Does this poem wander too much?  Should I delete the fibers on the carding board part?  The last phrase of the poem feels like an after thought.  Is it helpful?  HELP!  I am surrounded by people who are aging in place as am I at 84.  Dewell


There was a blue bird at my window sill today.
It seemed unsure, maybe confused by its
Reflection or the secrets brought by linen wind.

Or was it yesterday; a robin playing a grimy
Game of tug-of-war with a night crawler?
Or the mailman bringing notice of rent,
Credit card, deaf debt thrown against the wall?

My memory has become an emigrant
Wandering through the grayness of a spring
That will not come.  I look everywhere for
Something or nothing and find only fog.

Am I an old regret, a placebo person, a wild
Dream forgotten like lingering fibers on
The carding board of Grandma's wheel
Or dust on the pedals of the church organ?

Maybe with the wings of night I'll fly
Free of the spiderless web that binds
Me on this night that wears a long coat.

     -Dewell H. Byrd

Dewell H. Byrd


Post  dennis20 on Fri Apr 24, 2015 3:25 pm

Dewell,  I would like the poem better if it were briefer. (I had to look that word up because it looked odd.)  I see the next to last strophe (Am I an...) as fluff.  It changes the direction of the poem.  In fact, if you left that strophe out and put the first two lines of the last strophe after "find only fog" I think the picture is complete.  You could leave the last line, but I don't think the poem needs the long coat so I would drop it.  Also, why did you capitalize the first word in each line?  It is written as prose, but that almost stops me when I read it.  Nice poem.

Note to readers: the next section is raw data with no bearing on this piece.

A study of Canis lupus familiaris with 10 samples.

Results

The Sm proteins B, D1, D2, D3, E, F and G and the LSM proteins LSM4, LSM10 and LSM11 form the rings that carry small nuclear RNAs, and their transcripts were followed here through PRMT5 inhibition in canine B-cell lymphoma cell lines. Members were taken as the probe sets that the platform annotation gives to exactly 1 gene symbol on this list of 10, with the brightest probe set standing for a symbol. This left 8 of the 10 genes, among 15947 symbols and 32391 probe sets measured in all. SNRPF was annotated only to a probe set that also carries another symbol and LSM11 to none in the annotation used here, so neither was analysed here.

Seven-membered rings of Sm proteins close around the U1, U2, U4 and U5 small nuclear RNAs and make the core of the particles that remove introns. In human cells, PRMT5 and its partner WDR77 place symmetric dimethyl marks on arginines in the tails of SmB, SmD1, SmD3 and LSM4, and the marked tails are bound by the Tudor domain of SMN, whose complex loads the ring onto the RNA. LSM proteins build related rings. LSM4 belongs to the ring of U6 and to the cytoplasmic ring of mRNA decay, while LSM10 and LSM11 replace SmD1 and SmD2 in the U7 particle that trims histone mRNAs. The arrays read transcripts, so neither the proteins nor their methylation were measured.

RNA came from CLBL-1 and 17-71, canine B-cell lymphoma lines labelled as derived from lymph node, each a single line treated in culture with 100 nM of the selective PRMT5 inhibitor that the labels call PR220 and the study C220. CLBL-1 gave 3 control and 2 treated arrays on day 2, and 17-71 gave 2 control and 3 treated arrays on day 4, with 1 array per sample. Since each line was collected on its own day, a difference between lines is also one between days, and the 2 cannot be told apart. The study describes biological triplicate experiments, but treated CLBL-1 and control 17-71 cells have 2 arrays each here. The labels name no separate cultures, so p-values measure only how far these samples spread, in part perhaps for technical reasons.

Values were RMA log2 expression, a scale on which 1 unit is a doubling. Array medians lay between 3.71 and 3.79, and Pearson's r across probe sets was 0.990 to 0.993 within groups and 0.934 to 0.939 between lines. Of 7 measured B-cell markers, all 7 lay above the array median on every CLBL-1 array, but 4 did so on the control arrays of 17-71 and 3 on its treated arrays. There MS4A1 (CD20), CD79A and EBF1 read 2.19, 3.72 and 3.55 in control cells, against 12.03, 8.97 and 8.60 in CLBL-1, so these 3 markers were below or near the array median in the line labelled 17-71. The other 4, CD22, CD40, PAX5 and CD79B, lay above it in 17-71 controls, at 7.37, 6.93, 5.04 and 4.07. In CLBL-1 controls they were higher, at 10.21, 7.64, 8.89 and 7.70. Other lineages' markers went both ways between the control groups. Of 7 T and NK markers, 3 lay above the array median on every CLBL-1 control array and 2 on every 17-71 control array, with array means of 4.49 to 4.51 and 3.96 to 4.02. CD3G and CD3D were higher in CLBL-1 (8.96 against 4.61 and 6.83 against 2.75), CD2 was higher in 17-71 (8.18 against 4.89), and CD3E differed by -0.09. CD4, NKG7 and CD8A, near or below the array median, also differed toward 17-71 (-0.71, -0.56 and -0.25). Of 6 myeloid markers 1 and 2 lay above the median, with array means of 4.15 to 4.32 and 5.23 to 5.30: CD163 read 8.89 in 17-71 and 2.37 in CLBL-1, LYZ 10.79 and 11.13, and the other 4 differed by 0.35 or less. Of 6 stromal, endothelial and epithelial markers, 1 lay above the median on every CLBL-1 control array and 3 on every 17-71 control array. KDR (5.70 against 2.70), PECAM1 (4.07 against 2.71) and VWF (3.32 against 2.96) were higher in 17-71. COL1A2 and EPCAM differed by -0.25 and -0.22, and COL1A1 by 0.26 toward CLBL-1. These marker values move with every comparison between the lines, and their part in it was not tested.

Strong images.  I agree with Dennis on brevity.  The poem would still grab me hard if it ended after "find only fog."  That leaves me a little bothered by a first stanza of 3 lines followed by 4-liners, but it could be remedied by dividing lines a bit differently, asymmetrically.

Good stuff in the part I propose cutting.  Maybe a starter for a companion piece.  I don't like the feelings you've written about, but I know them.  Your rendering is true.



Post  Pat on Sat Apr 25, 2015 8:49 pm

Dewell, I am fine with the subject matter, but I think it needs to be tightened.  For example,
the first line might read:  Today, a bluebird came to my window sill. . . I think you are showing us doubts and confusion and fogginess.  I'd just stay with that.  That's enough.  I'd drop the last two stanzas.  I know that will change your title, but. . . .  Dewell, I'd reread the first 3 stanzas.  I think your title will jump out at you when you ask yourself, what am I saying?  I think the afterthoughts are in the last two stanzas.  I'd totally stay away from the I.  Just say what you see.  The feelings of the persona will come through.  I'd say "Stay in 3rd person."  Great images here and there.  I'd let this poem go cold for 3 days and relook at it.  (It helps me to do this.)  A lot of fodder here worth saying.



Post  tsukany on Mon Apr 27, 2015 5:10 am


I think the third stanza is the first one, then the reader would know the dramatic context.  Do all memories have the "wings" promised by the title?  I like to cut all "There was/It is" type subjects . . . especially in prose.